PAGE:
LARIMER COUNTY, Colo. — A year ago Friday, the largest wildfire in Colorado's recorded history started in western Larimer County.
The Cameron Peak Fire began on Aug. 13, 2020, marking the beginning of a tragic 200,000-plus acre burn through Larimer County. It wasn't fully put out until Dec. 2.
“We knew that there was potential for a significant fire but to see something in an area where we had experienced the High Park fire back in 2012, and we thought that was such a huge fire over 80,000 acres, to then turn around and have one at nearly 209,000 acres, I don’t think people foresaw that happening," said Reghan Cloudman, a public affairs specialist with the U.S. Forest Service.
The Fire destroyed more than 440 structures, including more than 220 cabins and residences. It cost well over $100 million to contain, and its impacts are still being widely felt a year later.
Deadly flash floods swept through the flood-prone burn scar last month, and flash flooding has been a recurring problem for the area.
Cloudman said aerial mulch drops will continue through the fall and likely into summer of next year to mitigate burn scar flooding and try to stop debris from getting into water sources.
"To have the number one and number two largest fires in Colorado history the same year, it's a lot of work," she said.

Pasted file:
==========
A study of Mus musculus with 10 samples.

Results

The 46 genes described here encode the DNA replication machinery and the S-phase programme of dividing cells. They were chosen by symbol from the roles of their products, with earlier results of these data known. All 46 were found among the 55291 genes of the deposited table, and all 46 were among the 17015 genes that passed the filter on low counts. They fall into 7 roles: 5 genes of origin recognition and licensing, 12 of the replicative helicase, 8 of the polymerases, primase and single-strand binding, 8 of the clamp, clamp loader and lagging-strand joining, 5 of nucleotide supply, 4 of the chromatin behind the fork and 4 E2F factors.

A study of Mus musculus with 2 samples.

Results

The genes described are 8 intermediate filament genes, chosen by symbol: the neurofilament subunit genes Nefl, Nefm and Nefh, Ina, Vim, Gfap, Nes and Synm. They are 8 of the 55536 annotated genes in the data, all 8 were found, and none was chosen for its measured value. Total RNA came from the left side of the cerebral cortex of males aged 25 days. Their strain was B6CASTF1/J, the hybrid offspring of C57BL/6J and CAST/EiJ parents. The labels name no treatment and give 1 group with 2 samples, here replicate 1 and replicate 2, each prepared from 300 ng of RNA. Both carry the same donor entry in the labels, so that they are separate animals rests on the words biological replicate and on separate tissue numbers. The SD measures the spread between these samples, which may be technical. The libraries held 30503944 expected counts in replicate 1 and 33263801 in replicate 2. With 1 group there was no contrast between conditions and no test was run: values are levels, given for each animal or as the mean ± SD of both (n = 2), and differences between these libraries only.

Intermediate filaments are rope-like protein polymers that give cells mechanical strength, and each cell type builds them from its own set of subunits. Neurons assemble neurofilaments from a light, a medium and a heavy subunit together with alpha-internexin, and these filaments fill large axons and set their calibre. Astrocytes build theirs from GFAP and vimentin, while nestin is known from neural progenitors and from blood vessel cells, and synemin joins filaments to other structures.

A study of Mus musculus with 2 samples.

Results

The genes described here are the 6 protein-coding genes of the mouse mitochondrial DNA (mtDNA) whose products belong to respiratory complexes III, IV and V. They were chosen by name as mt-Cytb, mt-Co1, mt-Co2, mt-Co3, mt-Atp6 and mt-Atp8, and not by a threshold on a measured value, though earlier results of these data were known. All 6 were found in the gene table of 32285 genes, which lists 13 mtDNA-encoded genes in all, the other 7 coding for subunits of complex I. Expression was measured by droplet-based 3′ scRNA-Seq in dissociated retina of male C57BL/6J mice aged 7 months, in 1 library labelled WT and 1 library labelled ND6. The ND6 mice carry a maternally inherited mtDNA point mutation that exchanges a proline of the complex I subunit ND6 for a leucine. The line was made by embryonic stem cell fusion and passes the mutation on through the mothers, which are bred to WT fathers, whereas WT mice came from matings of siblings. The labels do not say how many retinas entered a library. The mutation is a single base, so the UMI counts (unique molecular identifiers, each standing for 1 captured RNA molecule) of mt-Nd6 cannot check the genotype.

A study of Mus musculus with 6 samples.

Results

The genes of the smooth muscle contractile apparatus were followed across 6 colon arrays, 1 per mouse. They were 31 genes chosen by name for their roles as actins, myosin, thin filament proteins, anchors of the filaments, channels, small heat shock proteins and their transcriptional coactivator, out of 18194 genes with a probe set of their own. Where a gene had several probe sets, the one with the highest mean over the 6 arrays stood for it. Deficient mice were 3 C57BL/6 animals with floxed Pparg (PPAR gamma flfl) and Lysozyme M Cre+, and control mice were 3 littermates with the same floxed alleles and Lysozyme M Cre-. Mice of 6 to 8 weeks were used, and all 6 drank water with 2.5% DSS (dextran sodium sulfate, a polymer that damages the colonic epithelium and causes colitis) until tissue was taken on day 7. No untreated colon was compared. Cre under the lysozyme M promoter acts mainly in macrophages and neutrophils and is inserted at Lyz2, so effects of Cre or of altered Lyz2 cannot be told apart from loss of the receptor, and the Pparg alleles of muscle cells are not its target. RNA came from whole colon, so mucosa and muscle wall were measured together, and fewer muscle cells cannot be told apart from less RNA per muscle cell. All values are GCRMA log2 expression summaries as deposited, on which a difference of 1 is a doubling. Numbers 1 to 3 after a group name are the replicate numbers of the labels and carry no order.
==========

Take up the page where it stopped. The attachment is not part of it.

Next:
She added there are still forest closures in the Arapahoe and Roosevelt National Forests for the safety of the public, and to allow access to those areas for crews doing recovery work.
The fire is believed to have been human-caused, though it officially remains "under investigation."
Of course, the Cameron Peak Fire was far from the only fire to ravage the state last summer. In fact, two other notable wildfires started a year ago this week: the Grizzly Creek Fire in western Colorado and the Williams Fork Fire in Grand County.
Mudslides from the burn scar from the Grizzly Creek Fire in particular continue to ravage Interstate 70 around Glenwood Canyon. Wildfires burn vegetation that would otherwise absorb moisture, and burn scars make mudslides far more likely in the years immediately following a fire.
The Cameron Peak Fire occurred during the most active wildfire season in Colorado's recorded history, including the East Troublesome Fire that would start up in October which would become the second-largest wildfire in state history.
An active monsoon season this year is leading to widespread flash flooding across the state, including a record number of Flash Flood Warnings so far in 2021.